The critics are absolutely correct, but they miss the point of the new law.
The board, or rather a majority of the board's members, put themselves on that slope by acting in grossly bad faith over a period of years. Educational policy often appeared to be the least of their concerns -- far behind awarding contracts and keeping favored employees and vendors in place. Their recent move to fire Amato at a hastily called meeting was simply the last little nudge that sent their political fortunes over the edge.
Bear in mind that state Rep. Karen Carter's bill was filed several months ago, not in response to the board's latest missteps but rather to correct years of mismanagement and corruption. The board's recent gaffes -- particularly some members' failed attempt to fire Amato -- gave Carter's measure added momentum and assured its prompt passage. For that, the now-chagrined board members have no one but themselves to blame.
The new law gives Amato virtually unfettered authority to run the school system, which is what he should have had in the first place. Unfortunately, too many school board members believe they were elected to "run things" -- that is, to meddle in day-to-day affairs of the system, which is the worst form of institutional oversight by a board. Whether you're talking about a school board or the board of a Fortune 500 company, a board's focus should be on long-range policymaking and sound financial management practices, not day-to-day operations. Ongoing operations should be the exclusive bailiwick of the CEO.
To anyone's recent memory, that model has never been used by the Orleans Parish School Board. School superintendents historically have had to fight off meddlesome board members (which put their jobs at risk) or kowtow to members' whims in order to keep their jobs.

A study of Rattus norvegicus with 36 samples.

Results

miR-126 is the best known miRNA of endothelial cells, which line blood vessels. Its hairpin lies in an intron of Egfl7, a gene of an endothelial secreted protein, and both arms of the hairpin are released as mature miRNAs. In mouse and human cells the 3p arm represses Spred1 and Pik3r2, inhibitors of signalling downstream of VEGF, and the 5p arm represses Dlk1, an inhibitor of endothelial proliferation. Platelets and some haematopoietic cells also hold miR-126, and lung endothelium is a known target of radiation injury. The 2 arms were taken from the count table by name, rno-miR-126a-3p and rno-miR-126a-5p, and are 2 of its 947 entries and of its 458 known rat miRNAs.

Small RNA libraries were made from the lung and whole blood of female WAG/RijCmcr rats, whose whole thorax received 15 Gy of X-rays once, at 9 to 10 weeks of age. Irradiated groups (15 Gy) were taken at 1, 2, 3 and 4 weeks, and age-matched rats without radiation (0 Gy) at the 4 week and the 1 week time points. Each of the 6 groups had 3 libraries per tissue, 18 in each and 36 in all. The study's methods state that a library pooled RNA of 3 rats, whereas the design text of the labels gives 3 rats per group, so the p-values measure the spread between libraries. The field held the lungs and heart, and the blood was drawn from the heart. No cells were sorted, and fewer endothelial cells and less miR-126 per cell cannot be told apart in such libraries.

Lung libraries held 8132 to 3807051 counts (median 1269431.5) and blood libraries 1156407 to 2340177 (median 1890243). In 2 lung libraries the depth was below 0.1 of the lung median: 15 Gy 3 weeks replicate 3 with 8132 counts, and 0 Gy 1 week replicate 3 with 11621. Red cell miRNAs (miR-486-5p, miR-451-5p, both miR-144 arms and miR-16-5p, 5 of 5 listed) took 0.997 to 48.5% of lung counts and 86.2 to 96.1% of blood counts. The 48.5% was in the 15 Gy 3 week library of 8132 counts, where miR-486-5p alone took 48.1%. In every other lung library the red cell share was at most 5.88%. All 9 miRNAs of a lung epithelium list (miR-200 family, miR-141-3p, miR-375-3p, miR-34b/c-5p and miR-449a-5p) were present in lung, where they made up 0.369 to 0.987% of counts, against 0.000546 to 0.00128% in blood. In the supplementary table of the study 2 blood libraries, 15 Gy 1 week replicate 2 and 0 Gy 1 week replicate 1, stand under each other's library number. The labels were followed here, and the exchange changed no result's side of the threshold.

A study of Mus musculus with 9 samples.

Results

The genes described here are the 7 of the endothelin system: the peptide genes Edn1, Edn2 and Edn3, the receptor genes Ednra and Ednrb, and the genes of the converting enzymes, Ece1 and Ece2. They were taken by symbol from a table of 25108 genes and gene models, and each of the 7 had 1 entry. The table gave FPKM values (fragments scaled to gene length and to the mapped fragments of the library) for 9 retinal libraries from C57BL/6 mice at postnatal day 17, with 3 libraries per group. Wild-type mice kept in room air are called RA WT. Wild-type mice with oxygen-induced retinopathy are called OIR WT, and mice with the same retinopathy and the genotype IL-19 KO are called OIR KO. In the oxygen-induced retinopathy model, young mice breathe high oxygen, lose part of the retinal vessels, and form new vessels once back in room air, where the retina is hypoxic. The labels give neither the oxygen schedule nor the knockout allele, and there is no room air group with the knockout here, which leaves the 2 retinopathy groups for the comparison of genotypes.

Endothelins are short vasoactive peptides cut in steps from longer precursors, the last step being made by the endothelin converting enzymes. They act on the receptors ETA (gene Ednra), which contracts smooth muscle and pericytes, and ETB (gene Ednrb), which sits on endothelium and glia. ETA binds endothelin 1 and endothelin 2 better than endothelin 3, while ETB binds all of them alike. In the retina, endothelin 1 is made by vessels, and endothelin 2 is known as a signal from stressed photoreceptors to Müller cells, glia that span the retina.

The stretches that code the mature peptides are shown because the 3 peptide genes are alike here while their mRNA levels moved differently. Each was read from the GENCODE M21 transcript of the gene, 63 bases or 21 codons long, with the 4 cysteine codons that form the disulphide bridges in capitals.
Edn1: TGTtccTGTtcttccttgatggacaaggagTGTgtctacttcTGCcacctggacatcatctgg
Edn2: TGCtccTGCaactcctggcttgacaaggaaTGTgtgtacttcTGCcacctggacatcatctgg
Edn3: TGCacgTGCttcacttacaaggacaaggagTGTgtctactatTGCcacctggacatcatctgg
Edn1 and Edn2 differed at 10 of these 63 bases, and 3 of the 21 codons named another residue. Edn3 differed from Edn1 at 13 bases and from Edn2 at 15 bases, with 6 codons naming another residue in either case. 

Meanwhile, long-range policymaking and sound financial management practices are foreign concepts to most members of the Orleans Parish School Board. That's why Carter's bill passed so overwhelmingly. The new law not only makes sure that Amato can operate the school system, but it also allows him to make policy. In addition, the law directs him to initiate an independent audit of the school's finances -- another role traditionally reserved for the board, but one this board would not likely undertake voluntarily.
Which brings us back to that slippery slope. The question that should be asked now is not whether it was wise to get on the slope in the first place -- it's too late for that -- but rather what lies at the bottom?
The events set in motion by the new law focus on the board, but they represent just a first step. If board members continue to meddle or attempt again to fire Amato, the next step will be a takeover by the state Board of Elementary and Secondary Education, which voters authorized in a constitutional amendment, adopted last autumn. Even if board members leave Amato alone and he fails to improve things, a BESE takeover would surely follow.
And if BESE cannot make the system work, the next step will be either replacing the system entirely with a set of smaller school districts, transforming many or most schools into charter schools, or adoption of a district-wide voucher system -- or some combination of those. Each option spells the same thing for the current board: oblivion.
Lest we forget, all seven school board members are up for re-election this fall. It will be interesting to see how many of them even seek re-election.
Ironically, the board's best hope for survival is the chance that Amato will succeed, which is by no means assured. Is the current crop of board members wise enough -- and disciplined enough -- to let that happen, or even to help make it happen? That may be the slipperiest slope of all.